The Israel-Palestine conflict is a difficult one for me and for most liberals. We want to support Israel because of, well, the Holocaust. But the country is currently behaving rather badly. And the Palestinians are clearly an oppressed people, but the terrorists acts are hard to support. But in general, I tend to side with the Palestinians because they are currently the weak party. What’s more, as Juan Cole has noted, not only were the Israelis active terrorists before they got to their current powerful position, “One of the arguments Israeli politicians give for allowing Israeli squatters to keep the Palestinian land in the West Bank that they have usurped is that attempting to move them back out would produce violence.”
One person I depend upon to shine a light on the conflict is Eric Alterman. He is certainly not anti-Israel, but he’s more than willing to look seriously at what’s going on. And in this regard, last week at The Nation, he wrote, Israel Celebrates a Return to the Status Quo in the Middle East. The perspective of the article is summed up in its subtitle, “Many Israelis, Netanyahu included, were never serious about seeking a two-state solution in the peace negotiations.” It’s very depressing.
Basically, he argues that the status quo is in the best short-term interests of Israel. No one in power is really interested in making any kind of a deal, so it is very easy to sabotage. And that’s exactly what Housing Minister Uri Ariel did when he approved over 700 new homes in the illegal Gilo settlement. All the talk of a two-state solution is just lip service. It is in the service of keeping American and European allies supporting the government.
I wonder how good a long-term strategy this is, however. Just in the last couple of years, I’ve noticed a shift in American opinion about Israel. It isn’t that people have stopped supporting the country. But there is push back against what has become a kind of standard conservative belief that whatever is good for Israel is good for America. People are questioning that. And going along with it is the idea that Israel is a real pain. They are like the crazy brother who you try to keep out of trouble. And if I were Netanyahu, I would be worried about this growing realization.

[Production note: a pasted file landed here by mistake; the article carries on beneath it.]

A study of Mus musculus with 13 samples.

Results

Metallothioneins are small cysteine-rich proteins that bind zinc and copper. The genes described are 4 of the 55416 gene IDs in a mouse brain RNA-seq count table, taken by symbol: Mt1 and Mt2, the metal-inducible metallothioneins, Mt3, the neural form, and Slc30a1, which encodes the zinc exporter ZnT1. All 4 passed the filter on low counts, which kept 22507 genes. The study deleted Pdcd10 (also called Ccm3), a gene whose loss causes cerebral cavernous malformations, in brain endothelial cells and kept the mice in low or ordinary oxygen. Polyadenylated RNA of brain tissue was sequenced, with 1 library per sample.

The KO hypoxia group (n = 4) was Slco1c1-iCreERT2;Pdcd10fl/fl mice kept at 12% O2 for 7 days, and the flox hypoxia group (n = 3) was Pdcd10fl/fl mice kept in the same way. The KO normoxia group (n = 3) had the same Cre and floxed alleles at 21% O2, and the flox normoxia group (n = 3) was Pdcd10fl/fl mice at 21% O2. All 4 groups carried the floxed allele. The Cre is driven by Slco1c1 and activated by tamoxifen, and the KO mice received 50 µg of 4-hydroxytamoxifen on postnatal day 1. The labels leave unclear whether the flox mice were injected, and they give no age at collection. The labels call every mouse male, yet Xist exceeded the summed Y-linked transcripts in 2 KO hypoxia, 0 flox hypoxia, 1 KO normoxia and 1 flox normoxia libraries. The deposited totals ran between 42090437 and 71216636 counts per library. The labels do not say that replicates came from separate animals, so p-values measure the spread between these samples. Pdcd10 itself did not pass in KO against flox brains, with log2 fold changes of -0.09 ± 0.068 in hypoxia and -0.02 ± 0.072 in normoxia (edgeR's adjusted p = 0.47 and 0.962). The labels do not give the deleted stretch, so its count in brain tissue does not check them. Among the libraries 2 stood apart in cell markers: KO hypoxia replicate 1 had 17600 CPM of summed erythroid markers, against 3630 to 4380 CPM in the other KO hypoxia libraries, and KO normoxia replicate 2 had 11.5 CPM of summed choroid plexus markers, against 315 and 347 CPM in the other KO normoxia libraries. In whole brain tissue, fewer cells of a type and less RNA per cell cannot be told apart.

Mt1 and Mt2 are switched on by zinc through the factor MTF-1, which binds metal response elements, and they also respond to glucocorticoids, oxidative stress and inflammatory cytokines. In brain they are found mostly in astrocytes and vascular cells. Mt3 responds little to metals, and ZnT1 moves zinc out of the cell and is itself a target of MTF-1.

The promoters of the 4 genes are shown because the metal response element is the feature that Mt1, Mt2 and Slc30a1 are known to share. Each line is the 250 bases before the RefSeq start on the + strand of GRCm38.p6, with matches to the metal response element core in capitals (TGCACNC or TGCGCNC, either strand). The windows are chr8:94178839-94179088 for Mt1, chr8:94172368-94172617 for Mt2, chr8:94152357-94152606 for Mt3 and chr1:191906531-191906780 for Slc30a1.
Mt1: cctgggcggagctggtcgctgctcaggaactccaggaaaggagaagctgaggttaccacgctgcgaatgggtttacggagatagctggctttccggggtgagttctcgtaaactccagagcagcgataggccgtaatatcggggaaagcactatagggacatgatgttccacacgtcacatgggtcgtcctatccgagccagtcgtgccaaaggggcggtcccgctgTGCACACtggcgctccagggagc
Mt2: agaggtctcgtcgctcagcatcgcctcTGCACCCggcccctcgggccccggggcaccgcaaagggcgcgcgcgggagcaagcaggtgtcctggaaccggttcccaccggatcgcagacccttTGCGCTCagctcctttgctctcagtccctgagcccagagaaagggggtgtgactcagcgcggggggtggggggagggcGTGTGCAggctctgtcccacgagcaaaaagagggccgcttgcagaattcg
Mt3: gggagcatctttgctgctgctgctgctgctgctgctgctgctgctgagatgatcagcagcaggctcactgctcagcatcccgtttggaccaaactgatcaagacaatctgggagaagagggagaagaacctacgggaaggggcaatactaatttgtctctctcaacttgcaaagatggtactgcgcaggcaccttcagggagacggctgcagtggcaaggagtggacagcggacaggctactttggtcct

It just isn’t much of a step from accepting that Israel isn’t good by definition to realizing that their treatment of the Palestinians really is quite awful. I don’t think that Israel is any worse in its position than any other government would be. Governments tend to push whatever power they have. And if it were a thousand years ago, this conflict would have ended long ago with a genocide. You can read all about it in the Old Testament. But what’s going on is the same kind of thing, just done at a very slow pace so as not to upset Israel’s allies. It isn’t a genocide, though; rather it is just a way to slowly displace the Palestinians from their land, one settlement (One house!) at a time.
Ultimately, Israel needs the goodwill of the rest of the world—most especially of the United States. I think they should bear that in mind, because their long-term security depends upon it. Giving in a bit to the Palestinians now might be a great deal ten or twenty years from now.